By The Editorial Board
In Shakespeare’s Romeo and Juliet, Juliet asks the famous question, “What’s in a name?” Well, Juliet, we have an answer for you: a lot. A name represents a person’s identity, reputation, and character. So what happens when a person’s name disappears? Just look at what happened with Yik Yak.
Yik Yak recently exploded at South, but not for any of the right reasons. Serving as a place for hurtful and inappropriate remarks, Yik Yak turned from bad to worse to horrid very quickly. Comments were made about teachers, students, and races, and many of the comments were explicitly negative. However, Yik Yak is just one example of a greater problem: the effect of anonymity.
There is a term in psychology known as deindividuation, which is the loss of self-awareness or identity in a group setting. Researchers have found that deindividuation almost always results in mean and aggressive behavior. The same results could easily be seen on Yik Yak. But why do we resort to negative behavior when we’re anonymous? While researchers don’t exactly know the answer, we can speculate why Yik Yak devolved into cruelty. Is it because humans are truly malicious inside? Or is it because of the levels of maturity of those posting? It could very well be a mix of both.
When compared to Yik Yak comments made at colleges, South’s comments took a much less mature approach. At colleges such as Princeton and George Washington University, posts were made to promote school events, talk about sports teams, or converse about local and current events. These college-level comments suggest that differences in maturity may have caused the aforementioned problems at South.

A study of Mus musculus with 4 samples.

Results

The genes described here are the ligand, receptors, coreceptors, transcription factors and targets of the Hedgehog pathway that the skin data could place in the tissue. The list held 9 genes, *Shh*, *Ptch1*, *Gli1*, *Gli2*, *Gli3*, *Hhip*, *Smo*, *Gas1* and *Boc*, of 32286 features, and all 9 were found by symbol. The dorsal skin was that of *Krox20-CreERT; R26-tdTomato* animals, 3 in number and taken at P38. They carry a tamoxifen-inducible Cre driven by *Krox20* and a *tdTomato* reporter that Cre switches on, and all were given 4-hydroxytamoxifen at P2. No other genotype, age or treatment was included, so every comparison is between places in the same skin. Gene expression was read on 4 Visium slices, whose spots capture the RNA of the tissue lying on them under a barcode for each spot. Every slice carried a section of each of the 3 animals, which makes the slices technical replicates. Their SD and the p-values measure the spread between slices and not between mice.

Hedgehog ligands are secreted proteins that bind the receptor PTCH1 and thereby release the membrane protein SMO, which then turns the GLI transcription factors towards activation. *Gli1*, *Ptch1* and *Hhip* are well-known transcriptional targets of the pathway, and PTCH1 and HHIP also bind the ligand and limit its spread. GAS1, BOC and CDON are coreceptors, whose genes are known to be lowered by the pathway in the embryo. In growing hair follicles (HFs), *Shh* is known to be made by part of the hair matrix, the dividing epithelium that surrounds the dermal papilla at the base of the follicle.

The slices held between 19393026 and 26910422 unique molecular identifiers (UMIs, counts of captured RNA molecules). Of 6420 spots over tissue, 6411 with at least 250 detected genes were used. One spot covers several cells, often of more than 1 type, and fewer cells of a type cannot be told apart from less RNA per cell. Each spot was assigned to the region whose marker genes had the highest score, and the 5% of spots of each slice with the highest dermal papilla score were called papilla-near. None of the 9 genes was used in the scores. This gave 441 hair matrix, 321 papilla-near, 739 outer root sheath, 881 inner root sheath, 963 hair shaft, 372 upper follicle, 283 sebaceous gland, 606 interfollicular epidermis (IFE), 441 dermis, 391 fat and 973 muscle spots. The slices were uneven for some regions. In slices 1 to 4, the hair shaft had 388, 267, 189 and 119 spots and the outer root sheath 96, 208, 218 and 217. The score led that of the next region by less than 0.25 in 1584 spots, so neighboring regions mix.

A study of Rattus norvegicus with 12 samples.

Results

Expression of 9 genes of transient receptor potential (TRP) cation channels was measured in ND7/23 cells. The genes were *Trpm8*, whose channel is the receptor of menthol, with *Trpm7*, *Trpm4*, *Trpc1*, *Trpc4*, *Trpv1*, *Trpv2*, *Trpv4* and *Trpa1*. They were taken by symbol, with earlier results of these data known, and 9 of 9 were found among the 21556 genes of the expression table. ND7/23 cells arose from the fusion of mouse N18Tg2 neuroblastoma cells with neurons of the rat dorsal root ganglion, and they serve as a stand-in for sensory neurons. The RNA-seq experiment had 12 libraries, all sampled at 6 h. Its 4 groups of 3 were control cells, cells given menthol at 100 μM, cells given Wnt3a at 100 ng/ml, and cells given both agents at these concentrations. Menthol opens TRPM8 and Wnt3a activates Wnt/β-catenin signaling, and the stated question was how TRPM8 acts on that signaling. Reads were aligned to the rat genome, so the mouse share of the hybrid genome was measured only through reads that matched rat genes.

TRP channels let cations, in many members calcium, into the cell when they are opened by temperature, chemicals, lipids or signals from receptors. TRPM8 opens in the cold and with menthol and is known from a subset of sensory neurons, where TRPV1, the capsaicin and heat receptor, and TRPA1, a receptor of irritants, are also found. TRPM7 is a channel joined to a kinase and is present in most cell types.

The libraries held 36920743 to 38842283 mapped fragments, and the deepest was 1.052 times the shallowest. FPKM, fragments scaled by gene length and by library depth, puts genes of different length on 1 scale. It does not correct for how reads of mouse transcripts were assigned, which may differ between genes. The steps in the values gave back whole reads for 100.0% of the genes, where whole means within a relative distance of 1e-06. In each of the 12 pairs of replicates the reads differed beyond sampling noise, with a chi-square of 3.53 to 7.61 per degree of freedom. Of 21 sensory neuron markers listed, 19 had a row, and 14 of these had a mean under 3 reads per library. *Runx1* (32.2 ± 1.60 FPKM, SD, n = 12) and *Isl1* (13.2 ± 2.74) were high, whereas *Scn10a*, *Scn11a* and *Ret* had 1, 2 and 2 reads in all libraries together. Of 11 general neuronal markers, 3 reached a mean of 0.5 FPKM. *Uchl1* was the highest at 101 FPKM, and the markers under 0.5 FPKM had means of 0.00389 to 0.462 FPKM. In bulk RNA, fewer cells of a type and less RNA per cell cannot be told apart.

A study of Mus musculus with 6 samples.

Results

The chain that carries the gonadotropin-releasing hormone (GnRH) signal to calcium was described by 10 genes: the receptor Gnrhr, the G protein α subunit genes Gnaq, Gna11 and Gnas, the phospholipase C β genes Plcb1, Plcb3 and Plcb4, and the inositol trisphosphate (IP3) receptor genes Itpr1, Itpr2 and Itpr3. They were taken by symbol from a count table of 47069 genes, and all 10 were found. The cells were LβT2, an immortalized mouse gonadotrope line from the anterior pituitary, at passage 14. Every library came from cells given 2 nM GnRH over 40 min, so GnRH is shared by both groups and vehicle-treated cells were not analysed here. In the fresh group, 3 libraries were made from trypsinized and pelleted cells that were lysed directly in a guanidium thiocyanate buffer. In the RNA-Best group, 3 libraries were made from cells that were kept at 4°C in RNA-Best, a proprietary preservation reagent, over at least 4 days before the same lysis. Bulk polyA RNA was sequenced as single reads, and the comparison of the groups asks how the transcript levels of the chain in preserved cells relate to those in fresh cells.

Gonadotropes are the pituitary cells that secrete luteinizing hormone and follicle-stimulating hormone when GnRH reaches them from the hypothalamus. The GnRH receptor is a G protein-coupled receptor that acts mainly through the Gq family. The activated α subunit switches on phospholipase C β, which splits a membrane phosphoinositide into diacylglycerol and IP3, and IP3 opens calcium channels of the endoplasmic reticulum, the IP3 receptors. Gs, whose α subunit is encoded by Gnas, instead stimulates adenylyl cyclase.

But what was the incentive to be so cruel? In addition to the scientific explanation that humans naturally resort to aggression when anonymous, another potential reason is the “likes” system on Yik Yak, which allows people to anonymously like or dislike the post. It may seem that “nice” posts do not get nearly as many likes as “mean” ones, and so the cruel comments are encouraged.
There may be another underlying influence to these rude comments: the power of gossip, especially the nasty kind. Taking a bittersweet look at the situation, Yik Yak served as a unifying force that actually brought South’s students together; all were united in laughing at other people’s expenses. However, this union was for all the wrong reasons, and the situation highlighted the true power of nasty gossip.
Regardless, Yik Yak has illuminated some unfortunate truths about the South community. It has shown us that, sadly, we aren’t all nice and caring individuals and that some of us can be truly cruel. In addition, Yik Yak has shown us that for the most part, we are still young, immature teenagers, and not necessarily the young adults teachers and peers believe that we are.
Fortunately, the Yik Yak yammering died out rapidly, demonstrating that there are more people in this community who are respectful, caring individuals than the comments on Yik Yak indicated. It has also reopened a dialogue about bullying and the power of words. If there’s anything we can learn from this whole scenario, it’s that the phrase “sticks and stones can break my bones, but words will never hurt me,” isn’t so true after all. In fact, words can often be the most powerful and harmful form of bullying, because in the end, the bruises will go away, but the psychological pain of those words won’t.